How Blockcerts uses JSON-LD normalization (canonicalization) during verification


An essential part of Blockcerts verification is checking the integrity of the certificate: we want to determine if the certificate under inspection has changed since its creation. A certificate that has been altered should fail.

All versions of Blockcerts have used certificate hashing as part of this process. This has the property that changes to the certificate will change the hash, causing the certificate to be rejected during verification.

In version 1.2 we switched from computing a hash of the binary file to computing a hash of the JSON-LD normalized – or, more accurately, canonicalized – file.

This post talks about why we made that change, and the improvements it enabled.


Before 1.2, the Blockcerts issuing process read the (certificate) file in its binary form, took a hash of that, and issued a transaction with that value on the blockchain. During verification, the hash of the binary file would be recomputed to ensure it hadn’t changed.

This approach complicated implementations and reduced convenience in a couple of ways:

  1. You could not store proof of the transaction in the same file as the certificate, because (by design) any change to the file would change the hash of the file, thus invalidating the certificate.

  2. The binary file would have to be stored. Because a JSON object is an unordered set of key/value pairs, using a JSON document store (as opposed to preserving the binary file) would likely corrupt the order.

In other words, pre-v1.2 verifiers needed to retrieve the certificate in its original binary encoding AND evidence/transaction receipt.

Recall that before 1.2, we used gridfs in cert-viewer to store the certificate in its original form so that we could predictably take the hash of the file. We stored transaction data separately, and verification would use both these pieces.

V1.2 and beyond

In V1.2 we wanted to make issuing certificates more economical by issuing batches at a time. The well-known technique for doing this is to combine the hashes of documents into a Merkle tree, obtain the root, and create a transaction containing the Merkle root as an output.

This approach requires a change to verification: the certificate hash has to be combined with the Merkle proof to trace back the contents to the value stored on the blockchain. This results in yet more information (not part of the certificate) that is needed to be stored alongside the certificate to enable verification. This would complicate even further storage and manageability for recipients and issues, and motivated us to improve the convenience.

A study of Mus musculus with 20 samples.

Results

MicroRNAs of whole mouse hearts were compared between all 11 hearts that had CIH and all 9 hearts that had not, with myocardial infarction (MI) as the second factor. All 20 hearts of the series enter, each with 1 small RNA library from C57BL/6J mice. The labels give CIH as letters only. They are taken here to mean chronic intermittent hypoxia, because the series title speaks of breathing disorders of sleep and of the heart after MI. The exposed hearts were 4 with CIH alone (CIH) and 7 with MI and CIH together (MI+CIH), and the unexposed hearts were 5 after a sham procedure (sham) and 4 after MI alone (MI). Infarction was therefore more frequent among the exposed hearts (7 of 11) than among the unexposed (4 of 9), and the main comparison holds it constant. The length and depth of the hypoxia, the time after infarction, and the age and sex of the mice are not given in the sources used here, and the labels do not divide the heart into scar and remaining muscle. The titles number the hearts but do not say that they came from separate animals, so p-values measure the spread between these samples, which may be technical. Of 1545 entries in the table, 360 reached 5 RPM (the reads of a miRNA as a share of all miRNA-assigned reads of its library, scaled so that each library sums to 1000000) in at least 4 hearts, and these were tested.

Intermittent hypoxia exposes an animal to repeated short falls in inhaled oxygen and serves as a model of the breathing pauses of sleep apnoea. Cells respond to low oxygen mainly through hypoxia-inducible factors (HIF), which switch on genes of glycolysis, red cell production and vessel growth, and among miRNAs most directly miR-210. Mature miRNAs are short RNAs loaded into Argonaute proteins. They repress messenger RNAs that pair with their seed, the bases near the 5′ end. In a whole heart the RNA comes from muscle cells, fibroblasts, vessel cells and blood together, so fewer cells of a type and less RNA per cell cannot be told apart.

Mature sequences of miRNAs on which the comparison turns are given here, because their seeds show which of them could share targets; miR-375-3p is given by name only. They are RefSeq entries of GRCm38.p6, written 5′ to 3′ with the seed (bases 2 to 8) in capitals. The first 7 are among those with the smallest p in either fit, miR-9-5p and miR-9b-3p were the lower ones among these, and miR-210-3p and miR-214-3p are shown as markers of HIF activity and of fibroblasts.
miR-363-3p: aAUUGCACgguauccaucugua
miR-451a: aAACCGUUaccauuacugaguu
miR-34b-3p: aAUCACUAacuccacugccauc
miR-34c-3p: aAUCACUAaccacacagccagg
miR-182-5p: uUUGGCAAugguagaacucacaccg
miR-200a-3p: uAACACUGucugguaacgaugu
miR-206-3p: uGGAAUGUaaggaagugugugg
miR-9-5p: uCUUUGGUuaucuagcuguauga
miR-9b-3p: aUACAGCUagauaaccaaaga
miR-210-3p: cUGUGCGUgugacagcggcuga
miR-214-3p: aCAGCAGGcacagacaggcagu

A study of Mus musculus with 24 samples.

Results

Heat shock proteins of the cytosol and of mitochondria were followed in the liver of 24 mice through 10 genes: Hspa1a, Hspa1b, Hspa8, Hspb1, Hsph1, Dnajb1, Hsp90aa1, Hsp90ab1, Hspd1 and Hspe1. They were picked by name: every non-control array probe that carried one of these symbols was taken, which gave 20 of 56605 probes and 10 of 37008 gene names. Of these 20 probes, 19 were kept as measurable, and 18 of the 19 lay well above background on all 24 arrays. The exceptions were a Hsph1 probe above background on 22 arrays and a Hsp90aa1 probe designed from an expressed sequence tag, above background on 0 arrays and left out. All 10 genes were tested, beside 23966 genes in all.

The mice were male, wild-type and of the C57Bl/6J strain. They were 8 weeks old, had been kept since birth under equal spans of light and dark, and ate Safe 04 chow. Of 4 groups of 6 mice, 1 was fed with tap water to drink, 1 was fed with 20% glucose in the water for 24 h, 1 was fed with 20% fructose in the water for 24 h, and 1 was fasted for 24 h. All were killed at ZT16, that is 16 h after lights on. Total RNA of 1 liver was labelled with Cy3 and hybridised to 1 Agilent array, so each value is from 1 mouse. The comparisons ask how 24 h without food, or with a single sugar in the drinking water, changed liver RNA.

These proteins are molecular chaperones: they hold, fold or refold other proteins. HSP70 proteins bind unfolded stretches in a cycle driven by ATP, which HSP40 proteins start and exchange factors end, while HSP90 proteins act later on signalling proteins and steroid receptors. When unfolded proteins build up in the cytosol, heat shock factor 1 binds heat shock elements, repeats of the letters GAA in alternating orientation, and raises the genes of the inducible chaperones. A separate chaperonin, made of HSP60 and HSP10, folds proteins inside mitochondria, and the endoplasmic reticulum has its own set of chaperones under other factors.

Therefore, in V1.2 we had a goal to improve the usability of the blockchain certificates by embedding the proof in the certificate. That meant that we couldn’t rely on the hash of the binary file. We wanted a way to deterministically obtain the hash of the contents except for those signature or proof.

As described in #2, a JSON object is an unordered set of key/value pairs. In fact, popular libraries in different languages will (by default) serialize JSON objects differently. So for cross-platform verification to work, one might consider serializing JSON objects to string in a deterministic order. In python, for example, you can sort the keys during serialization through use of the sort_keys parameter: JSON.dumps(sort_keys=True). JSON.stringify() in javascript allows similar behavior.

But JSON-based canonicalization only works for JSON. As our long-term goals include increased alignment with Verifiable Claims, where signatures are syntax agnostic, we turned to JSON-LD canonicalization. This syntax-agnostic approach converts JSON-LD to RDF format, and can be used to predictably format the certificate JSON document before hashing. This approach works across platforms.

(The original motivation for use of JSON-LD in Blockcerts V1.2 was the fact that Open Badges began using JSON-LD contexts – canonicalization was a useful side effect of this work.)

JSON-LD canonicalization allows the following benefits over the previous technique (in which we hashed the binary file):

  • no need for extra binary storage of file
  • the proof needed to verify the certificate within the same JSON file (without breaking the hash, of course)
    • everything but the signature block is canonicalized and hashed, and verification can duplicate this

JSON-LD canonicalization is just one aspect of how JSON-LD has been useful in Blockcerts. Using JSON-LD will also allow us to more easy define extensible Blockcerts, with different vocabularies, and semantic mapping (per domain). Those are topics for a future post.